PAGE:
This page looks at section 38 of the Mental Health Act. It looks at the professionals you might come across in hospital, when and how the courts use this section. It explains what your rights are during this section and what could happen afterwards.
- The criminal courts can use section 38 of The Mental Health Act 1983. They can use it if they find you guilty of an offence that you could go to prison for. Section 38 allows the court to send you to hospital for assessment and treatment before you are sentenced.
- Going to hospital under The Mental Health Act is sometimes known as being ‘sectioned’.
- An order under Section 38 of the Mental Health Act is known as an ‘interim hospital order.’ This means it is short-term while the court decides what sentence to give you.
- The hospital can treat you without your permission for up to 3 months.
- The psychiatrist responsible for your care will see how you respond to treatment and tell the court. They are known as your ‘responsible clinician.’
- The court will decide what sentence to give you. You could stay in hospital on a hospital order (section 37 or 37/41) or go to prison.
About section 38
When do the courts use this section?
The criminal courts can use section 38 of The Mental Health Act. They can use it if they find you guilty of an offence that you could go to prison for.
Section 38 allows the court to send you to hospital for assessment and treatment before you are sentenced. The court can do this if you have a mental illness that needs treatment in hospital.
An order issued under Section 38 is known as ‘an interim hospital order’. This means it is short-term while the court decides what sentence to give you.
How do the courts use this section?
Before the court can issue an interim hospital order two doctors must assess you. They must tell the court that you have a mental illness that needs treatment in hospital.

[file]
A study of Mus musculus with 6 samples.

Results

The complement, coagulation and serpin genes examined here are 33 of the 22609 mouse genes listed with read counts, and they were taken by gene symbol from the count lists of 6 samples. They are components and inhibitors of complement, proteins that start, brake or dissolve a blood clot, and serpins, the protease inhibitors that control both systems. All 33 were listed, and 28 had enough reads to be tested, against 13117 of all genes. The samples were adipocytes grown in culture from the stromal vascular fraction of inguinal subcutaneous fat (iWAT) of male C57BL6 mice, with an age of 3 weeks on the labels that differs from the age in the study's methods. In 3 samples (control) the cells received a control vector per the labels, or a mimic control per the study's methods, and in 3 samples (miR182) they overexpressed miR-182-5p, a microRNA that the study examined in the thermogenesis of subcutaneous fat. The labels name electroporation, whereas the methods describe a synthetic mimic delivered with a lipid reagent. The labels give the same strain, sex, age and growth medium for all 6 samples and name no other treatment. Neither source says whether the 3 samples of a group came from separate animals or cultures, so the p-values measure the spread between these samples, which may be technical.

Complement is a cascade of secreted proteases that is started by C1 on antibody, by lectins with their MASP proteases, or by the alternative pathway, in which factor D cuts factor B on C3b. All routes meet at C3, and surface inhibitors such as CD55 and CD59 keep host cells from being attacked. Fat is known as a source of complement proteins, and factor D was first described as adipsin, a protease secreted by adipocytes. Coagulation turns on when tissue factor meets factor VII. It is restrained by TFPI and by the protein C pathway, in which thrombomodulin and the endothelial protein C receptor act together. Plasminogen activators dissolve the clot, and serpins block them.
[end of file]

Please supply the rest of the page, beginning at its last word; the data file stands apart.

One of the doctors should be from the hospital where you will be staying.
The managers of the hospital should find you a bed within 28 days.
You might have to wait in prison until a bed is available. Some prisons have healthcare units where you could stay which are like being in hospital.
You will stay in a secure hospital. There are three types of secure hospitals - low, medium or high security.
The judge will decide what level of security is needed for you.
How long will I be on this section?
You will be in hospital on section 38 for up to 12 weeks at first.
If your responsible clinician thinks you can stay in hospital they can ask for your section 38 to continue for a further 28 days. They can keep doing this but the maximum time you can be kept in hospital for is 1 year.
What might happen after this section?
Your Responsible Clinician (RC) will see how you respond to treatment in hospital. They will report back to the court and suggest what should happen next. The court will decide what sentence to give you. They could decide the following.
- You should stay in hospital. The court can change your interim hospital order to a full hospital order under section 37 or 37/41 of The Mental Health Act.
- You don’t need to be in hospital and they give you another type of sentence.
Will I have to go back to court if the order is extended?
As the rights section of this page explained, the court can extend your interim hospital order.
You don’t need to back to court if you have a solicitor who can represent you. If you don’t have a solicitor, you will need to go to court. You might not be well enough to go to court. Your Responsible Clinician (RC) can write to the court to tell them this. And your RC can ask for the hearing to be delayed until you are well enough.